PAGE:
An IT trade mission to Israel has proved unsuccessful for several local IT startups invited to attend the weekend conference to put their business on Israel's venture capital agenda.
Led by the Minister for Trade, Mark Vaile, the delegation saw business representatives from the Australian Information and Communications Technology (ICT) industry body pitch for investor backing and forge strategic links with Israel's 2500-business IT hub.
Technocash, a prepaid electronic debit card provider, joined the talks to launch a global profile for its franchise model, said Raymond Pakalns, Technocash's technical director.
Despite a $94,000 export grant from Austrade, the company sought to capture a share of the international teenage and elderly market with its virtual cash technology.
Although Pakalns acknowledged that the startup may be faceless overseas, he was confident uptake in Israel would be strong. "We just need to get known," he said, "Israel is a possible launching pad."
"We'll have massive, over-the-counter distribution opportunities (overseas)," he claimed, referring to the plethora of B2C dot-coms in the region.
Past experience with local VC companies has left Technocash with a poor impression of the VC community. Pakalns did not want his company falling victim to what he considered the paternalistic VC/dot-com relationship.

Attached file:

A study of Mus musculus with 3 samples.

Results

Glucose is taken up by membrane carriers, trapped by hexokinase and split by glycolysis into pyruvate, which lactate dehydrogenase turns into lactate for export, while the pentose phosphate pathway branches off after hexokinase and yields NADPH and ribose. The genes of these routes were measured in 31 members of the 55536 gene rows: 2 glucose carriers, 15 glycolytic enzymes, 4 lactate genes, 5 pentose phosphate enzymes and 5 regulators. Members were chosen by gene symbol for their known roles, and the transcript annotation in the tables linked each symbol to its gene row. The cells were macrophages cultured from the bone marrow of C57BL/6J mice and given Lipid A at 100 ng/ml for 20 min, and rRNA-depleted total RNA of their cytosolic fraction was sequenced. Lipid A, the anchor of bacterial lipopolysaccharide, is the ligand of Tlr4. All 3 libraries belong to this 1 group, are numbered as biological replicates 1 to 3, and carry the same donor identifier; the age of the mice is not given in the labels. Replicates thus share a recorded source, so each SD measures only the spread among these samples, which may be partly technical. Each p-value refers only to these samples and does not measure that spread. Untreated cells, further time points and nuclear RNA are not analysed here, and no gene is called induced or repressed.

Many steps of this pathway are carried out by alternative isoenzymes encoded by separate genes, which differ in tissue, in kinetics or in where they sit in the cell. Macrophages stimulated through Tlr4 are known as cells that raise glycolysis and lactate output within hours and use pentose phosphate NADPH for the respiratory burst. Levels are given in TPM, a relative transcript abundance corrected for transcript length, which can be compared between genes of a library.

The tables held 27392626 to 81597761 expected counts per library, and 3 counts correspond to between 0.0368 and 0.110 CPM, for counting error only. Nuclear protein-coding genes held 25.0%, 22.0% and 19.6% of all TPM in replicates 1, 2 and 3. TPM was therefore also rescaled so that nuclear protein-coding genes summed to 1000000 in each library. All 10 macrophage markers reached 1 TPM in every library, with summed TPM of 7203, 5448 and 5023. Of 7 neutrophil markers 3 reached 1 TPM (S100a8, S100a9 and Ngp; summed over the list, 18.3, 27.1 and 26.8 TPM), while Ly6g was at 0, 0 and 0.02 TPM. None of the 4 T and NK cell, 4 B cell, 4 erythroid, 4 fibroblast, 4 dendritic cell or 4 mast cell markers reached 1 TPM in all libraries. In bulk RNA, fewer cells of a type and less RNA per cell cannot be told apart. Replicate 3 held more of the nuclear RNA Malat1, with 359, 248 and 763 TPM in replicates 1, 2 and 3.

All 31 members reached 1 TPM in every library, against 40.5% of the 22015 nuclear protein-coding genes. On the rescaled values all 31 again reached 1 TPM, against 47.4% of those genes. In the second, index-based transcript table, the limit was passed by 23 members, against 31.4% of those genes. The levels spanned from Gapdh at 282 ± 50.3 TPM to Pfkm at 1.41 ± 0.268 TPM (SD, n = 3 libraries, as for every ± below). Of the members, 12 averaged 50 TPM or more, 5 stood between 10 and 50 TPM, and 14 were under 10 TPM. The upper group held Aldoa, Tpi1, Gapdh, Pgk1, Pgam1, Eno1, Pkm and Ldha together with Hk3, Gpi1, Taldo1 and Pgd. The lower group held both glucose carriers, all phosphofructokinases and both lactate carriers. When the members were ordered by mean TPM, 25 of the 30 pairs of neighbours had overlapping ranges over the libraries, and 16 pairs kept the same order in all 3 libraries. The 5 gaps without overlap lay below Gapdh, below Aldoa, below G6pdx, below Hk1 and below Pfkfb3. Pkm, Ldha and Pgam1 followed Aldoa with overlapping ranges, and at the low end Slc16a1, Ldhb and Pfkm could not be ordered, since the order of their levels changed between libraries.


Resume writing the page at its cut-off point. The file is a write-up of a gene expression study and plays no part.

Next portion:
"The VC's goal in life is to wait for you to ramp up to look like you're going to go broke. Then they can pump their $10 or $20 million in you," he said. "Technocash's job is to raise smaller funds over the long term."
Asked to elaborate on the result of the delegation, Pakalns revealed only that Technocash was attending a series of "bookings" with Israel-based investors.
Aspect North, a digital mapping applications consultancy which contracts solutions to the Department of Defence, made the trek to Tel Aviv with rather blind ambition.
"We believe the IT and digital mapping markets are coming into play and are the way of the future," said Brian Hancock, a senior partner at Aspect North.
However, he conceded his company took the trip "not really knowing what the outcome would achieve".
"The opportunity was too good to miss. If you don't go, you won't know."
He concluded the delegation was merely a chance to "network", producing no tangible partnerships for the company as yet. "Israel may well have been our first (global) business opportunity," a company spokesman said of the outcome.